It’s a commonly held belief that the thicker the face cream, the more moisturizing it is. But a new generation of lightweight, watery serums are packing a hydration punch good enough to forgo your usual creamy go-to. Here’s why it might be time to ditch creamy and heavy in favour of light and silky for some seriously hydrated skin.

But first, why should hydration be a top skin concern?
“When the skin is dry, it’s vulnerable and lacks the protective barrier to ward off bacteria, dirt and pollution,” says certified skin care therapist Seanna Cohen. The result is your skin is more susceptible to irritation, resulting in breakouts, redness and in some cases inflaming conditions like eczema. Without that protective barrier, your skin can become severely dehydrated, which can contribute to a whole host of other issues too, including accelerating the signs of aging. Basically, your skin needs to be hydrated to look and feel good and healthy.

Why ditch creams?
“The skin can actually tolerate oil quite well, but it’s ingredients like petrolatum, lanolin and certain waxes that are often in thick creams that sit on top of the skin and trap oil in the pores,” says Cohen.

Dr. Paul Cohen, a board-certified dermatologist, agrees. “I see a lot of women with persistent acne, and one of the main culprits is moisturizers that are too thick.” While thicker creams can be a good source of hydration, for those with acneic skin, they also exacerbate a problem that could potentially be solved with lighter skin care options. “There really are a lot of good serums on the market now, that can do a good job of hydrating the skin, without the use of thick, heavy cream.”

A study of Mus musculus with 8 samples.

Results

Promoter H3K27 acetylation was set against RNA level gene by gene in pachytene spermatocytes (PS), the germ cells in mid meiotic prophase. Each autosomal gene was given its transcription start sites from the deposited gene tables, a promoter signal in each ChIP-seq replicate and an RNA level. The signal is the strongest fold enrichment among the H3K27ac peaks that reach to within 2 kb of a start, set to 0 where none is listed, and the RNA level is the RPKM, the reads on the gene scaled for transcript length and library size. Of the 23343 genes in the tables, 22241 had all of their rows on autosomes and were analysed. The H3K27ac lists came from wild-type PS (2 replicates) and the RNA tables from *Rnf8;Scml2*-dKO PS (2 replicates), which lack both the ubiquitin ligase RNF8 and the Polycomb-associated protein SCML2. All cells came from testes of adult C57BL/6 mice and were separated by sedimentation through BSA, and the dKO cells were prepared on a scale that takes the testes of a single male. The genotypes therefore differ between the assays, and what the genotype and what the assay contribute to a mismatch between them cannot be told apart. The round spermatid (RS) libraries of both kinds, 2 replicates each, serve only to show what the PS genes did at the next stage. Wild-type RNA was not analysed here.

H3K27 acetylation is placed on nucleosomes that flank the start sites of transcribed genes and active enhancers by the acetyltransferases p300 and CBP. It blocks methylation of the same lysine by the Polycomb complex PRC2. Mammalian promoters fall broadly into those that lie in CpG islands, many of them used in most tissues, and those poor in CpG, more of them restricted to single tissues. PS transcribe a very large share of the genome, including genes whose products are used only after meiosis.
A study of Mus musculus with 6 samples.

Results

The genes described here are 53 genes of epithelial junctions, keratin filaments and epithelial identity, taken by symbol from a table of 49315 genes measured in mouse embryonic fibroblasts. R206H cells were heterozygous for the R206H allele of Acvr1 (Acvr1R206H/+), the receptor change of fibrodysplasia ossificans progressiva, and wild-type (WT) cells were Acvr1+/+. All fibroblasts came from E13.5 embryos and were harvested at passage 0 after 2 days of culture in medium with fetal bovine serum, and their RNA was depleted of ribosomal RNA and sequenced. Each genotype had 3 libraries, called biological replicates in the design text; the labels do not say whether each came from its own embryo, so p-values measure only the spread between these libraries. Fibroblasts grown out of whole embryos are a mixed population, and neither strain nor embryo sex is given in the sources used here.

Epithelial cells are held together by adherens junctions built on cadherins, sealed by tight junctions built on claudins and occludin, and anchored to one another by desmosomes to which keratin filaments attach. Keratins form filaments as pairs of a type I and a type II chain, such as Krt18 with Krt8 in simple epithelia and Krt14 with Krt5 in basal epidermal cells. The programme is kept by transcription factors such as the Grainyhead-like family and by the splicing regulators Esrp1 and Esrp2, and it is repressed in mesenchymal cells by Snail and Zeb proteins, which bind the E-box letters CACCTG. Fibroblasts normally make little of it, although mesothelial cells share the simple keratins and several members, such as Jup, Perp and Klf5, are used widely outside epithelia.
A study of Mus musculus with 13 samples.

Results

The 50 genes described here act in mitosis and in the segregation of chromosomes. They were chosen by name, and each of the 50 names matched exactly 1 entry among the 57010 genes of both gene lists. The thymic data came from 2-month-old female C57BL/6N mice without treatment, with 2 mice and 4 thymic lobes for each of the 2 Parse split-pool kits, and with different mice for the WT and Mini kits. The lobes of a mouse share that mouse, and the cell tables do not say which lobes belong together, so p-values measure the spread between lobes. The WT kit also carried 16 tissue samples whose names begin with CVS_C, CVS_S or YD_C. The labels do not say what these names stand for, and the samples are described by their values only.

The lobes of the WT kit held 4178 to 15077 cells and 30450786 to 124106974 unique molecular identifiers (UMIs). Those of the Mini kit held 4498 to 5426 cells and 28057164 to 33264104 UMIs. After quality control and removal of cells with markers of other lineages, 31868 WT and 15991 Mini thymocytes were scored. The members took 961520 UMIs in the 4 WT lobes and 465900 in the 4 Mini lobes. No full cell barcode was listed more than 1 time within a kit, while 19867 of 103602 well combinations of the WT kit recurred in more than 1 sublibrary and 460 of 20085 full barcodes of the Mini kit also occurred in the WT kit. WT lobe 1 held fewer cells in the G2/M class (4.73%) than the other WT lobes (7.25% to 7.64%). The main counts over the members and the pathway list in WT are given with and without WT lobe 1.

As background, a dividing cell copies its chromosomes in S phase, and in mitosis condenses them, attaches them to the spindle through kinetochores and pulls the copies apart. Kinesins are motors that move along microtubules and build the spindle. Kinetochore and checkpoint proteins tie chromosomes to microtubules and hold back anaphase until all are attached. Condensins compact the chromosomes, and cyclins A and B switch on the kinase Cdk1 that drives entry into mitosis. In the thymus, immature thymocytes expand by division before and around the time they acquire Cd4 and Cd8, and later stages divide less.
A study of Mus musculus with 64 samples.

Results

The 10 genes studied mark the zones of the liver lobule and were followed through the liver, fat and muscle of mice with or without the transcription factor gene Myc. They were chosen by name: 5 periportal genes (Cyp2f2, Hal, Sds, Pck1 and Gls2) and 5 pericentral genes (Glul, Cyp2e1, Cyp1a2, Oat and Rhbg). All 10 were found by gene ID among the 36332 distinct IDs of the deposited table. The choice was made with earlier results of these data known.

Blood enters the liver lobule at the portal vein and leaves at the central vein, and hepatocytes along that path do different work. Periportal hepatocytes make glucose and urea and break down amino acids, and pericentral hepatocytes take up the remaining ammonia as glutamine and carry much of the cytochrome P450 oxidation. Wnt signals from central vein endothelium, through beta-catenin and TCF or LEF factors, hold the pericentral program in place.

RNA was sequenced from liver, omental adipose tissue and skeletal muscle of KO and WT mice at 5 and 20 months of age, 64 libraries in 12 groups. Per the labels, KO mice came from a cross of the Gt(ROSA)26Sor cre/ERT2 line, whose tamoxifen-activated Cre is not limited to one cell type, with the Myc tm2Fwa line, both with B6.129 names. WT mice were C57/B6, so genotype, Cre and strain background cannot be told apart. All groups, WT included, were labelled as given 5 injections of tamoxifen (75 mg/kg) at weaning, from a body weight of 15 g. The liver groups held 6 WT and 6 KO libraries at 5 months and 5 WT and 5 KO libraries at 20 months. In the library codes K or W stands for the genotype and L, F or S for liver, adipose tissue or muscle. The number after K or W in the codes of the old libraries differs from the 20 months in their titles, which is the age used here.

WTF are hydrating serums anyway?
So how do you decide if a hydrating serum is the way to go? First, if you do suffer from acne, it might be worth swapping out your cream for one. “Serums are nice and watery in texture and they’re light and thin, making them a great option for people with acne,” says Dr. Cohen.

They’re also best for people with oily skin who find a rich cream to be overkill, but still want to make sure that their skin is moisturized. Kristina Breckon, Consonant Skincare lead regimen coach, points out that many people with oily skin actually have dehydrated skin (dehydration is a lack of water, not oil), and need to get that hydration without any added heaviness. “The smaller molecule size allows serums to penetrate deeper and pull moisture deeper, instead of just sitting at the top of the skin,” says Breckon. So with a serum you won’t have to worry about adding to an already slick skin situation.

Plus, a serum’s lightweight texture and quick absorption makes it ideal for layering with other serums, or under sunscreen and makeup. “The use of serums really allows for use of multiple products,” says Dr. Cohen, without feeling heavy.

When it comes to choosing a serum, look for hyaluronic acid, the generally accepted, gold standard of hydration. You can also keep an eye out for other hydrophilic or humectant ingredients like Cassia Angustifolia Seed Polysaccharide (found in Consonant’s Hydraextreme) and vegetable glycerin. The ingredient to avoid is silicones. “They sit on top of the skin and make it feel smooth,” says Breckon, “but don’t actually allow ingredients to penetrate the surface.”

Browse the gallery below for our recommendations for the best hydrating serums.